ORLANDO, Florida – Generative artificial intelligence offers insurance industry organizations the opportunity to augment human expertise and significantly enhance and accelerate numerous tasks in claims and underwriting, a Google Inc. executive said.
The shift from traditional artificial intelligence, which has been in existence for 80 years and helped users in decision-making, to generative AI, which became widely available in 2022, allows companies to use technology for creative tasks and problem-solving, said Sebastian Antony, London-based head of global account strategy and financial services industry in UKI for cap market, health and commercial insurance, legal accounts at Google.
He was speaking Thursday as the opening keynote at the World Captive Forum in Orlando, which is sponsored by Business Insurance.
Artificial intelligence has long been able to tap huge amounts of data and computer processing power has increased exponentially for years, but generative AI’s ability to process human language has transformed the technology’s use, Mr. Antony said.
“Artificial intelligence today has cracked the human code of communication,” he said.
For example, you can instantly translate 220 languages using generative AI on your phone, Mr. Antony said.
For the insurance industry, generative AI can transform numerous tasks, according to Mr. Antony, including:
- Public website navigation, to search for underwriting information.
- Check submissions against an insurer’s underwriting appetite for the risk.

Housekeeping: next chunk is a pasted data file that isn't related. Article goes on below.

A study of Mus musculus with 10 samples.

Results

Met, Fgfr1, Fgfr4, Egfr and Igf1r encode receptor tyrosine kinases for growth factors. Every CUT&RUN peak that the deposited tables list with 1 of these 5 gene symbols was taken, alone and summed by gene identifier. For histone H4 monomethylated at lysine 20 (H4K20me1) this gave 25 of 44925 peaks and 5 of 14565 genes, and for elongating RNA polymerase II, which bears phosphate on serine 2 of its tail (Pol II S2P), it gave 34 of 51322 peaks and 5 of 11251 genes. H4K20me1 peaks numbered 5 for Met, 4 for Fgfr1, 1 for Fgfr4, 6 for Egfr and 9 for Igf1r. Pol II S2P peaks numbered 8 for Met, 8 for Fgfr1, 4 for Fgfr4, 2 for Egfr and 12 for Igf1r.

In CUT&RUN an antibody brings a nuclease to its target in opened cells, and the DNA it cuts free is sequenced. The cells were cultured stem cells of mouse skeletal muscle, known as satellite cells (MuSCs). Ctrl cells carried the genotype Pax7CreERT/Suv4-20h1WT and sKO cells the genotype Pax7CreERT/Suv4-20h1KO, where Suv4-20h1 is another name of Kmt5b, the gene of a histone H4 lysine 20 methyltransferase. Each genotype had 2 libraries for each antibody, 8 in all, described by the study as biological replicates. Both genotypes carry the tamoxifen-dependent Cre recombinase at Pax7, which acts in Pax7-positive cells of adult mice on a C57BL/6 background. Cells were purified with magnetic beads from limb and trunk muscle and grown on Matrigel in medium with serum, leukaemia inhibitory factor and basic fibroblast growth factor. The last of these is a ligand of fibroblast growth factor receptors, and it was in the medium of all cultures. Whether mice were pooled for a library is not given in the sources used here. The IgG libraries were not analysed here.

- Check claims against policy wordings.
- Automate information retrieval for recurring business processes.
- Interpret regulations and identify potential violations.
- Automation of customer service tasks.
- Generate statutory filings.
- Creative assistance, such as bespoke images.
- Accelerated research.
- Developing code to make computer engineering more efficient.
AI can also be used to speed up claims processing, Mr. Antony said.
For example, dashcam video of an auto accident can be uploaded and generative AI can be used to answer questions about the details of the accident and who was at fault, he said.
“What we’re trying to do here is not trying to replace the human, but we’re trying to augment the human with information that is accurate, which you can then modify, and you can put the guardrails around,” he said.
As generative AI is developed, it will become more refined using smaller data sets to target specific industries, Mr. Antony said.